Ofcom to make it easier to switch broadband provider



The regulator said the ‘One Touch Switch’ process, which will apply to all home broadband user and will come into force in April 2023, means users only need to speak to their new broadband provider and not to their existing one.


Previously, users wanting to move from a provider using the Openreach network, such as BT Group PLC (LSE:BT.A), Sky and TalkTalk, to companies using their own technology, such as Virgin Media (NASDAQ:VMED), had to contact both providers.


Ofcom said its research has found that four in ten people decide against switching because they are put off by the hassle of having to contact more than one provider.


The regulator is hoping the new ‘one touch’ process will encourage more users to look for a faster package, cheaper deal or better customer service.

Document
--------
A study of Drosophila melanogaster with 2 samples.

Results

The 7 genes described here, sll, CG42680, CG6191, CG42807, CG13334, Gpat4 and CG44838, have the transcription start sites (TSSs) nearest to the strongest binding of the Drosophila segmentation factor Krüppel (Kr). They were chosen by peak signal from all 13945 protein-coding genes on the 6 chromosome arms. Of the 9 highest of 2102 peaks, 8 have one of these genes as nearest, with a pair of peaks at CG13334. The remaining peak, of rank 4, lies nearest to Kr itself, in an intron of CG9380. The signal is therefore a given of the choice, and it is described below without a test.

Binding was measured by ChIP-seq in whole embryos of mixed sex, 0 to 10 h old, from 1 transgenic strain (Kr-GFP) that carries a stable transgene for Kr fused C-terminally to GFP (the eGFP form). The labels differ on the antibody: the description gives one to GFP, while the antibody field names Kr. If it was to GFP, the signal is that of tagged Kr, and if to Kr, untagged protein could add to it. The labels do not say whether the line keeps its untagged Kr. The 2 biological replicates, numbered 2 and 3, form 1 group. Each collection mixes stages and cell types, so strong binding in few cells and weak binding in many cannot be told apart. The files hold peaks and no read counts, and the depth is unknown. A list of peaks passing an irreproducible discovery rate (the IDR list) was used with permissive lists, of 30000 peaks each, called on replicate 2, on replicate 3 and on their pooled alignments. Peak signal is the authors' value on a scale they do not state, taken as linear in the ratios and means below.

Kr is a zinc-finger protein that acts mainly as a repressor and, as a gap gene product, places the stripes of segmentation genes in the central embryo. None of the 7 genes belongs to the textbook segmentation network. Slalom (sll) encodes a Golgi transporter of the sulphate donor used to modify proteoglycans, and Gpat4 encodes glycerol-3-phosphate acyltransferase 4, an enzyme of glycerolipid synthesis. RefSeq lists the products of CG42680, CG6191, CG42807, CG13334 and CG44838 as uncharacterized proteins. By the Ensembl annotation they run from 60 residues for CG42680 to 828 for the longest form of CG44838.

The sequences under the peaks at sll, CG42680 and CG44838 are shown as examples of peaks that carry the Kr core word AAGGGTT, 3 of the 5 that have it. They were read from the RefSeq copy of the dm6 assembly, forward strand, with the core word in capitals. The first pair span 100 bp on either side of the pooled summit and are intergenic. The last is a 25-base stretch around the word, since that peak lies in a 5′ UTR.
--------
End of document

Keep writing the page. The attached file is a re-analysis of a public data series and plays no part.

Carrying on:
The new service will also be faster, taking just one day where this is technically possible, Ofcom said.


Under the new rules, providers will also have to compensate customers if they are left without a service for more than one working day.


“Household finances are strained at the moment, so switching broadband provider could help keep your bills down,” said Lindsey Fussell, Ofcom’s Networks and Communications Group Director.


BT called for the new rules to be extended to customers who have their broadband as part of a package tied to a Pay-TV subscription.


“We want to make switching broadband providers as simple as possible for consumers, regardless of which network they are on,” a BT spokesperson told the Guardian.


“By allowing customers to only have to notify their new provider, we believe this process will do just that. We also want the new process to extend to switching Pay-TV providers, so that the benefits of seamless switching are not undermined for those who take a ‘triple play’ bundle of voice, broadband and pay TV.”